Whois Stealing My Whois
?"> At this point, its worth saying a little about the process of checking a domain. There is a protocol and software called Whois, which is used for querying the databases of domain names, ultimately maintained for each top-level domain (or TLD, such as .com, .org, etc.) by the "registry" for that TLD. Verisign maintains the registry for the .com and .net TLDs. Whois used to be exclusively a UNIX-based command-line affair, but these days most people get their whois information from web-based interfaces which perform the whois query on the back-end. My favorite service is Completewhois. When hosting services like web.com tell you that a domain is or is not available they first perform a whois query in order to determine if it is.Theres a lot wrong with whois. For example, anyone can set up a whois server, theres no master list of them, and different servers return data in different formats. And when a hosting service, APLus.net for example, performs a back-end whois, its impossible to tell exactly what they are doing and to whom they are talking. Anyway, my next step in testing was to go to the four hosting services meta-searched by CNet and search them directly with new domain names also picked out of thin air. Two days later they havent been taken. At this point I have to say I dont know exactly whats happening, but something fishy is going on. With a whole lot more testing, I think I could figure out the source of Chestertons domain name feed, but I decided it was time to get the story out first. The reader who brought all this to my attention called aplus.net, which told her that Chesterton Holdings monitors whois requests, and thats how they learn which domains to register. This would be a great explanation if it were possible, as a general matter. But its not generally possible to monitor whois requests. Here is whats possible, based on what I know:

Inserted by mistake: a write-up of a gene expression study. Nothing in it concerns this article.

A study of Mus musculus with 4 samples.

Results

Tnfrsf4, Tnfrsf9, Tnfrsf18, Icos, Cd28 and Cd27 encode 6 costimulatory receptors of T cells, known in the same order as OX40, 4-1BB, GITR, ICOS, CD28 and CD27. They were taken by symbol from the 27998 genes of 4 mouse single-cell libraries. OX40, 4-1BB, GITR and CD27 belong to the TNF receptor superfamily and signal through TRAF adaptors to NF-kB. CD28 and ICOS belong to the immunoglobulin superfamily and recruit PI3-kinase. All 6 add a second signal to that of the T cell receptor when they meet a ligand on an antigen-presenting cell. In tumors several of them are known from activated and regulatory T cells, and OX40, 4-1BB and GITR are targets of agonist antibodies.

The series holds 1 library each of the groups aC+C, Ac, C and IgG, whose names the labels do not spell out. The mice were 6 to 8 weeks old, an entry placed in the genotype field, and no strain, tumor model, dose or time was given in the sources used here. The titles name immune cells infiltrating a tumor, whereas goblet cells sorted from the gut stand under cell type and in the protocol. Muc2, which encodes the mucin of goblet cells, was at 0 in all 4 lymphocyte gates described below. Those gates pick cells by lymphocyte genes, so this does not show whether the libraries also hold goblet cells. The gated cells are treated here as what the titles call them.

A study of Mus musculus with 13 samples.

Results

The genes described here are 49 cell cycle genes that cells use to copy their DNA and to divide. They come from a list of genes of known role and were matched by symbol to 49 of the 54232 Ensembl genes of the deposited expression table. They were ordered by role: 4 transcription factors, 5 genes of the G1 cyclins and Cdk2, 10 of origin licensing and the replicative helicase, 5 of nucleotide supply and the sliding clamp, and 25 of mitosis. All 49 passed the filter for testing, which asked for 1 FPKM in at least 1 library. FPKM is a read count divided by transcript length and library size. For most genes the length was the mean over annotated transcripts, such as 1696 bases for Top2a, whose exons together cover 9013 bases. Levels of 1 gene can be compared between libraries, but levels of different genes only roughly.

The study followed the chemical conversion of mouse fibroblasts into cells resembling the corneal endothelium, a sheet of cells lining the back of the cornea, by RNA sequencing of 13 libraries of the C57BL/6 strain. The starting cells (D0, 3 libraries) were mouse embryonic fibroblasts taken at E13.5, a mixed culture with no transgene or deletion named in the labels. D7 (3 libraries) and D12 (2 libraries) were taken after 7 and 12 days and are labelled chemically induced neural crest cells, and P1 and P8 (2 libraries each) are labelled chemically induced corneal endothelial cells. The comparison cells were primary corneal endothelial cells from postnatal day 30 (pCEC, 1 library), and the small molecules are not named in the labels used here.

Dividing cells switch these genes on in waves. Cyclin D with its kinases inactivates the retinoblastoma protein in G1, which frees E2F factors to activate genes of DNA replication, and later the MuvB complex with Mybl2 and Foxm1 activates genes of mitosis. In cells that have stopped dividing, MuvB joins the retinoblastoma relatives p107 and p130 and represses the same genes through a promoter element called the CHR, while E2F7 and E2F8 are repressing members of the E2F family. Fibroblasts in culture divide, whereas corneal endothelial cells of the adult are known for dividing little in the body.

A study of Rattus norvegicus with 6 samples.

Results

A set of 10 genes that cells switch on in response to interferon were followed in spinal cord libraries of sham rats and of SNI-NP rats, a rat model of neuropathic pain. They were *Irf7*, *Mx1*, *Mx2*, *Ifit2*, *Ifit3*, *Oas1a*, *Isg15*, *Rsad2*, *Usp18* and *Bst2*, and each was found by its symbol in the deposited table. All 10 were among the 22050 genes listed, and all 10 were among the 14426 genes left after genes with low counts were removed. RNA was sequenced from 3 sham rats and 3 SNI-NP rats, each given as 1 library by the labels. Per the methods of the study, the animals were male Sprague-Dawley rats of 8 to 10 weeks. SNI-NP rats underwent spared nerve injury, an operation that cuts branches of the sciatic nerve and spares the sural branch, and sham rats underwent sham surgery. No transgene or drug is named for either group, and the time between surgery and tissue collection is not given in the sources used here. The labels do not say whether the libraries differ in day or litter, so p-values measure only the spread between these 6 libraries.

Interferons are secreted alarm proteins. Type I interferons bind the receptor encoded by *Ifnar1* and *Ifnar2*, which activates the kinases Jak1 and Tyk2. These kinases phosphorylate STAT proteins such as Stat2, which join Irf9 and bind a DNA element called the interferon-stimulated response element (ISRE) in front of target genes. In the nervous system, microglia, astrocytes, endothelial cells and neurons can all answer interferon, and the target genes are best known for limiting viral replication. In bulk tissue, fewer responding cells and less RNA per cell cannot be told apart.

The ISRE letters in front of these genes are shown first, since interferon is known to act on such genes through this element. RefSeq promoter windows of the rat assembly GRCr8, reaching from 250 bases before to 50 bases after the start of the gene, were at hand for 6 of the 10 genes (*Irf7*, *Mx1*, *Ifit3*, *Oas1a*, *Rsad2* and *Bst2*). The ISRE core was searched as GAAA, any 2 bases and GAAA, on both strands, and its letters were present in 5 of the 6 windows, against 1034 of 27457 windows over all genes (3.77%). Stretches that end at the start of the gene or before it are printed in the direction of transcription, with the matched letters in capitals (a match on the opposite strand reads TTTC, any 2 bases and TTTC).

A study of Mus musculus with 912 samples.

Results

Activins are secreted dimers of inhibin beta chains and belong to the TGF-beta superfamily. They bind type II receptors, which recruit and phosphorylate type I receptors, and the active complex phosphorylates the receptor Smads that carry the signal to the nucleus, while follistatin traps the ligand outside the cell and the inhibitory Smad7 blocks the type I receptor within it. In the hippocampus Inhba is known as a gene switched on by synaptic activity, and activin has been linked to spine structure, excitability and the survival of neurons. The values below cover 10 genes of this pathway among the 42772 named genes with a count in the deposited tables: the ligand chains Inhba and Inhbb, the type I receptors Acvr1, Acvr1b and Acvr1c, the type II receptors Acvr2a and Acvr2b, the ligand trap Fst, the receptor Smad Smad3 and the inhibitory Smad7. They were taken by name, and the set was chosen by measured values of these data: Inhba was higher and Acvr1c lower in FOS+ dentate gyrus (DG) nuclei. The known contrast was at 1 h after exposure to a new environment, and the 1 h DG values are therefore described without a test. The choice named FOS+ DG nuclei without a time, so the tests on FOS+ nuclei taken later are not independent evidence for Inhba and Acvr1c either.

- One of the hosting services that CNet is checking with (and there could be more than they indicate) could be passing data on to Chesterton. This seems unlikely to me.
- Chesterton could have compromised one of the servers involved in the process, for instance the whois server used by one of the hosting services. This seems possible to me. There are a number of other hacking techniques, DNS cache poisoning for example, that could indirectly give Chesterton access to data from these queries.
- Verisign could be passing the data on to Chesterton. I dont believe this, either.